Also known as the Battle of Hainesville and the Battle of Falling Waters, is the Battle of Hoke’s Run. An early battle of the Civil War, the Battle of Hoke’s run was an initial skirmish in the Manassas Campaign. Famous Union and Confederate generals fought in this speedy battle that had farther reaching implications for the small victory the Union army gained on July 02, 1861.
In the months after the Union surrender of Fort Sumter, and other brief skirmishes between the
North and South occurred, by June of 1861 the first significant battles of the Civil War commenced in northern
Virginia. Strategic vantage points occupied the
objectives of the Confederacy and their goal to take control of the Manassas
Gap railroad and the Orange & Alexandria railroad. The railroads could
bolster P. G. T. Beauregard’s position at Manassas Junction by supplying food,
munitions, and quick access to Joseph E. Johnston’s troops in the Shenandoah
Valley. Equally important, because Manassas is close to Washington D.C.,
Beauregard could conduct intelligence gathering on the strengths of the Union
army. As the battle in Harpers Ferry commenced in June, Johnston’s brigade
retreated to Winchester. Because of Johnston’s retreat, Union General Winfield
Scott ordered Major General Robert Patterson’s brigade to follow Johnston and
prevent him from meeting up with Beauregard in Manassas.
Under the command of Scott, Patterson and his Union soldiers rallied their forces and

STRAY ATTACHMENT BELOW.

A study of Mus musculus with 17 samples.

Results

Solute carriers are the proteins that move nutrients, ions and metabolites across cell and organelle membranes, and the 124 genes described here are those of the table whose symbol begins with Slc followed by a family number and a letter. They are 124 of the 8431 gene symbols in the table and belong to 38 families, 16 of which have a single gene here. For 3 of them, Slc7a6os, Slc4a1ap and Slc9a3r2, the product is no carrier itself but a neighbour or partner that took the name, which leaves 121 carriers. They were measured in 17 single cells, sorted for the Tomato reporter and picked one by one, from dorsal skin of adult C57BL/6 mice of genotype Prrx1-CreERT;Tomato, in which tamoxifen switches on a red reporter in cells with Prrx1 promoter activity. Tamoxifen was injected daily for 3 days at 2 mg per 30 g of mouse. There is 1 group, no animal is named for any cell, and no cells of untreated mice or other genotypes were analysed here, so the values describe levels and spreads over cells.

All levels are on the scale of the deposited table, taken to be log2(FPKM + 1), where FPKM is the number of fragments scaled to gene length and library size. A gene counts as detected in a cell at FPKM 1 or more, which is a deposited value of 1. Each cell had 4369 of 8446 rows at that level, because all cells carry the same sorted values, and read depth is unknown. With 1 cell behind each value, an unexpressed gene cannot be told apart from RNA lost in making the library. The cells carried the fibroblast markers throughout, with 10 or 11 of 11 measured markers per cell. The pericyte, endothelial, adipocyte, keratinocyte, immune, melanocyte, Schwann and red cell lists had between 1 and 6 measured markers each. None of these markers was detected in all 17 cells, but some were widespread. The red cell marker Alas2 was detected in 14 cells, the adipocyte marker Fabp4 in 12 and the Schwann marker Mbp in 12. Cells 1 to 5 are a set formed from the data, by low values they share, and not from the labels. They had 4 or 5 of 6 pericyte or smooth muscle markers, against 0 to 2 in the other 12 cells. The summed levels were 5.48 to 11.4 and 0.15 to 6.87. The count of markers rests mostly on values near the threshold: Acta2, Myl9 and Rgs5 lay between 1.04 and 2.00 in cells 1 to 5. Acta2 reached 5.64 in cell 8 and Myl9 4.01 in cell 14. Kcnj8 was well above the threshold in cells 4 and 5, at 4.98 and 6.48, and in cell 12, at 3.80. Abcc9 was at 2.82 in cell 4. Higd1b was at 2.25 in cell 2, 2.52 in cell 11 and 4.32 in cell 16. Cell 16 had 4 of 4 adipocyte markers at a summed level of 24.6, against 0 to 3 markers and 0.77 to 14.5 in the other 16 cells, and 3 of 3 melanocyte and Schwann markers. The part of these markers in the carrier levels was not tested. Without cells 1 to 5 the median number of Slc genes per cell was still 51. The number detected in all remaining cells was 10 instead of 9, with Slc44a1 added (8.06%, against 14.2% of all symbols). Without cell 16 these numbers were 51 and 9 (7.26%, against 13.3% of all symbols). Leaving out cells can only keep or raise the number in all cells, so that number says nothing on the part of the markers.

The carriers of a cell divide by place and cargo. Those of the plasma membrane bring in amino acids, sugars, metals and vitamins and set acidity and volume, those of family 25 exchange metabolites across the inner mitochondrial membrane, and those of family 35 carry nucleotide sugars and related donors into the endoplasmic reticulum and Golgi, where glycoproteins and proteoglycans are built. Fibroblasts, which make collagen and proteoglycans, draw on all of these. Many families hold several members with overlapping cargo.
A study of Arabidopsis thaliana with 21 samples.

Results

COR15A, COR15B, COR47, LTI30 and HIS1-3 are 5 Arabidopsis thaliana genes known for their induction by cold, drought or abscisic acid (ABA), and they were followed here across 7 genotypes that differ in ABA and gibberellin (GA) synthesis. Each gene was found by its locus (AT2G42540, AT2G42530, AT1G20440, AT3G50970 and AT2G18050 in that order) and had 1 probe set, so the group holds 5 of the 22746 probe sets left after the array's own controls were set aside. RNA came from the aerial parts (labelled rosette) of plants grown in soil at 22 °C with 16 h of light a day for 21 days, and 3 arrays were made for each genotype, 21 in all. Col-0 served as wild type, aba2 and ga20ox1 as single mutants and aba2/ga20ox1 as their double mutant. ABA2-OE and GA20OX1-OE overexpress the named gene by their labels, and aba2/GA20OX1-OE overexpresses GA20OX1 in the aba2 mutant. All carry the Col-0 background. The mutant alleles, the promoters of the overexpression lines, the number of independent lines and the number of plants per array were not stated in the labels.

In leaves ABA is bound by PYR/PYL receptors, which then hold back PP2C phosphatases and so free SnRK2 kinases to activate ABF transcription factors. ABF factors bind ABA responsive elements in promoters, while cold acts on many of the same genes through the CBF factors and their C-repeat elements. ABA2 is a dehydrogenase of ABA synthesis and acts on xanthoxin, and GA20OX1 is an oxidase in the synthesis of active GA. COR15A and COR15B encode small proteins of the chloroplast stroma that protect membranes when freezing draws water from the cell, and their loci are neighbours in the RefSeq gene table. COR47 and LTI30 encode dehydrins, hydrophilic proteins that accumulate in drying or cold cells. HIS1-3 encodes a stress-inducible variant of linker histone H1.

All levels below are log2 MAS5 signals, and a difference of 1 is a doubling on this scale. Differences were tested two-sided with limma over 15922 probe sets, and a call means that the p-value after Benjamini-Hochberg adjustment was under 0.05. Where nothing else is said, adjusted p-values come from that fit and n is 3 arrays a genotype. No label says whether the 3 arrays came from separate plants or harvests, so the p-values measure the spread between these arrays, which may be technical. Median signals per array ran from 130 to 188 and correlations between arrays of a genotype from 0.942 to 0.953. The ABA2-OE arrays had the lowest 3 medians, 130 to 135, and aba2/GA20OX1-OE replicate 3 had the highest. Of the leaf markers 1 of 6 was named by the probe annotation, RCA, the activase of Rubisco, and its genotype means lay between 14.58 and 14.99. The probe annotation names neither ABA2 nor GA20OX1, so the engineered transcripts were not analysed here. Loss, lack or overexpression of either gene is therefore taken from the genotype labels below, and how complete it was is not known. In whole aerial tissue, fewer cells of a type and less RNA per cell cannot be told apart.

prepared for battle in the Shenandoah
Valley. However, faulty intelligence gathering reported Johnston’s forces as
much larger than actuality and caused Patterson to delay a full-on attack.
On July 2, Patterson’s division crossed the Potomac River
nearby Williamsport, Maryland and headed towards Martinsburg. Close to Hoke’s
Run, Brigadier General John Joseph Abercrombie’s and Major General George H. Thomas’s brigades encountered regiments of Thomas J. Jackson’s brigade,
driving them back slowly. Jackson was ordered to delay the Federal advance
only, to which he accomplished, and
withdrew before Patterson’s more substantial
force could fully engage them. By July 3, Patterson occupied Martinsburg but
made no further aggressive moves until July 15, when he marched to Bunker Hill.
Instead of moving on Winchester, however, Patterson turned east to Charles Town
and then withdrew, back to Harpers Ferry. In the intervening days of July third to the fifteenth, Union soldiers seized the office of the Virginia Republican, a local newspaper
in Martinsburg that supported the Confederacy. The following day, on the Fourth
of July, Union soldiers printed the first
issue of the American Union that
provided news about the Union army and patriotic writing.
The skirmish at Poke’s Run was small but had a significant outcome
for the Confederacy. Despite the Union winning the small battle, Confederate
troops slowly retreated and were able to board trains at Manassas Gap and meet
up with Beauregard. The short-term victory for
the Union at Poke’s Run caused them to substantially lose at the Battle of Bull
Run or better known as the First Manassas.